Words and Images by Billy Edwards
Orchestral Manoeuvres in the Dark showed little nerves in their first show in Cardiff in twelve years, commanding an eager audience of devoted fans through a breathless flurry of pioneering eighties synth-pop.
The show’s dramatic opening event matched the weather outside with a chillingly-steely video of clanging shipyards and metalworks to the tune of Architecture and Morality, the title instrumental piece from the album of the same name: played in full to mark its 40th anniversary. Soon, the shrouded group, tempted to mount the anxiety which permeates their most accomplished record, glided over to their places to perform the other instrumental pieces – all without saying a word. A challenging start, perhaps, for plus-ones and casual listeners, but soon Andy McCluskey, the group’s energetic lead singer, introduced OMD with little timidness, hollering at his audience “don’t worry!” about how he’d hoped they’d bought their dancing shoes. They soon delivered on this promise, as the band leapt into the three singles taken from the album. Top-three-hit Souvenir was accompanied by Joan of Arc and Maid of Orleans; all extremely atmospheric, desperately romantic, akin to the sound of falling in love in 1981. It was immensely charming how quickly they established themselves as a band that loved what they played and described facts about the songs, as much fans of their songs as the audience. The polished production of those original records was vividly recreated, with gated drums responsible of the metrical Stewart Kershaw, a living argument for why the band defied the drum computers popular at the time, and, note-for-note, what you’d be forgiven for thinking are the same keyboards on the original record, by Martin Cooper and second vocalist and writer, Paul Humphreys, with a host of glittering melodies.
McCluskey turns his dancing into another instrument. He was visibly itching to bring the moves that have made a name for himself in the group’s long touring history. Twisting, kicking, jumping, jerking: no move was off-limits, sometimes incorporating a sturdy electric or bass guitar. On the funky Locomotion, he went even further than a favourite move of mimicking drums and keys and pretended to be an aeroplane on “fly through the airways”, like an embarrassing Dad who’s had too much at a wedding.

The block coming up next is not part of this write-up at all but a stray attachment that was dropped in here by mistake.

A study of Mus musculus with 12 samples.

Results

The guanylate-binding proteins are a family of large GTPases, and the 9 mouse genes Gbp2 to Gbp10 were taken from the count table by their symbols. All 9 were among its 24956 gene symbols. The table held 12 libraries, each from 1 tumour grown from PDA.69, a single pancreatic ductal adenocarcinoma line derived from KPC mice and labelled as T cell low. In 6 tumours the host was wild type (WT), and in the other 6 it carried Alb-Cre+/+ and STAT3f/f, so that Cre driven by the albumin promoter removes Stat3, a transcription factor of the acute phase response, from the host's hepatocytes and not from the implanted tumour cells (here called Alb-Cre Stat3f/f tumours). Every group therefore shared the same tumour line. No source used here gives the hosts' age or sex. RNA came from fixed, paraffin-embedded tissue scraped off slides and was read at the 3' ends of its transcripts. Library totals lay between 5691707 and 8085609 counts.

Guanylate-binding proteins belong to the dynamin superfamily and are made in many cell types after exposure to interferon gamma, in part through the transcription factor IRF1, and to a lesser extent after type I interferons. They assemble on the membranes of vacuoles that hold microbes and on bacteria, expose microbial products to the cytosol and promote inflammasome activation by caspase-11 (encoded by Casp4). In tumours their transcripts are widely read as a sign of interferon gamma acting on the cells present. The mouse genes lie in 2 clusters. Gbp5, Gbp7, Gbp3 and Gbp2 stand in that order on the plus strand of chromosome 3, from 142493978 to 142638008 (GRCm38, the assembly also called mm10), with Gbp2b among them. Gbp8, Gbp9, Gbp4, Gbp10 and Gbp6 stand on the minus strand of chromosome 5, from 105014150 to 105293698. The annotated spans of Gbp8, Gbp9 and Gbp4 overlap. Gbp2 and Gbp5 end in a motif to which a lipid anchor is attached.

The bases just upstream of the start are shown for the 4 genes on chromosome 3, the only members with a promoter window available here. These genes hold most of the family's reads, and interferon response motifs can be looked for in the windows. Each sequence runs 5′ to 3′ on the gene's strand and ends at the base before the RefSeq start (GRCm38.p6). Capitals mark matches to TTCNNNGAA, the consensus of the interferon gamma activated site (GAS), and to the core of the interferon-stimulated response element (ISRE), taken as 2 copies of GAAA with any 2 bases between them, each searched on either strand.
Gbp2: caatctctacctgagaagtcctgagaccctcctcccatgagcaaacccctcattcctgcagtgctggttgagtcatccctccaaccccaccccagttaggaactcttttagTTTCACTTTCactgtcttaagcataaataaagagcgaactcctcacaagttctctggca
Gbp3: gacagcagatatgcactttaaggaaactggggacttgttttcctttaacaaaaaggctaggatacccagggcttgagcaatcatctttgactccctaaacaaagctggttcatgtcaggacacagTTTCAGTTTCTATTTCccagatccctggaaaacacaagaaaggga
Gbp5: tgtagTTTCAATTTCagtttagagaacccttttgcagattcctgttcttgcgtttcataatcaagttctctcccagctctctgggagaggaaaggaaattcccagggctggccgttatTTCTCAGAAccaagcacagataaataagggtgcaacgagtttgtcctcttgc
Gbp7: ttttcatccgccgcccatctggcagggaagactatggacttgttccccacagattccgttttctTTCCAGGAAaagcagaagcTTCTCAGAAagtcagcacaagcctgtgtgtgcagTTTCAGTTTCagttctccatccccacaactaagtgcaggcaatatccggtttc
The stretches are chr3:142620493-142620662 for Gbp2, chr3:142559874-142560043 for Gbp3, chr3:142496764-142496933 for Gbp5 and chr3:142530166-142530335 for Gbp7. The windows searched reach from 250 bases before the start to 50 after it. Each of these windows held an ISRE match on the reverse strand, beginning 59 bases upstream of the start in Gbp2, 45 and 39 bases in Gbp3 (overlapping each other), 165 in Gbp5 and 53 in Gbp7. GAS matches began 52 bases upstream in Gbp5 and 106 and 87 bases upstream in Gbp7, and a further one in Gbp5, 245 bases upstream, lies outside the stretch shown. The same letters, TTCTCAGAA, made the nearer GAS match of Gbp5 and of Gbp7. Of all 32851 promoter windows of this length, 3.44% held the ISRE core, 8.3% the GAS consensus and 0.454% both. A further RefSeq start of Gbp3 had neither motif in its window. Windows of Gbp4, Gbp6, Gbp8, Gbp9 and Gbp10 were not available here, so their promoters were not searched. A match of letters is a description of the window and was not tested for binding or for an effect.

They were also cheeky. At the show’s start, McCluskey, pointing, bemoaned ‘someone’ for refusing to allow the beautifully bittersweet She’s Leaving to be the single it so deserved to be – leaving Humphreys squirming to defend himself, blaming his ‘maintenance of artistic integrity’. Later, he is introduced by McCluskey to the forefront to sing the Beatlesque (Forever) Live and Die as ‘the New Music Express’ choice for thinking woman’s crumpet of 1980’, with only a shade of envious derision. Unlike much of the chart from its era, the songs have aged remarkably well. “Dancing in the ruins of the western world, blindfolds on and we don’t care”, sings McCluskey in Georgia, whirling from a jaunty number to an apocalyptic soundscape, suitably in front of a screen depicting Reagan, Thatcher, even Stalin; reflecting many of the strong Cold War sentiments found in the album. Nearing the conclusion, McCluskey waved his hand and signalled a drumstick to crash down on the cymbals – yet it suddenly stopped and hovered, before the unmistakable synthesizer hook of perennial radio favourite Enola Gay began, answered by roars from the crowd, soon swaying, confirmation of its residence as one of the most beloved singles of the 1980s played with aplomb. Such is the quality of their back catalogue that a massive hit wasn’t reserved for the encore, which accurately boasted the scope of their work in three songs. If You Leave, a smart pop number from the John Hughes classic film Pretty in Pink with stage-lighting to match, their very first single Electricity, an electronic work-out released in 1979 when once Kraftwerk-smitten teenagers, and their traditional show closer forty years previously, The Romance of The Telescope, every bit the imaginative epic its title suggests. Serene, passionate and above all fun, OMD entranced an audience of devotees with an unapologetic celebration of their work. It takes a special kind of virtuoso to meld darkly atmospheric synth pieces into entertaining three-minute pop songs, and the evening conserved their mainstay as bouncing with vitality.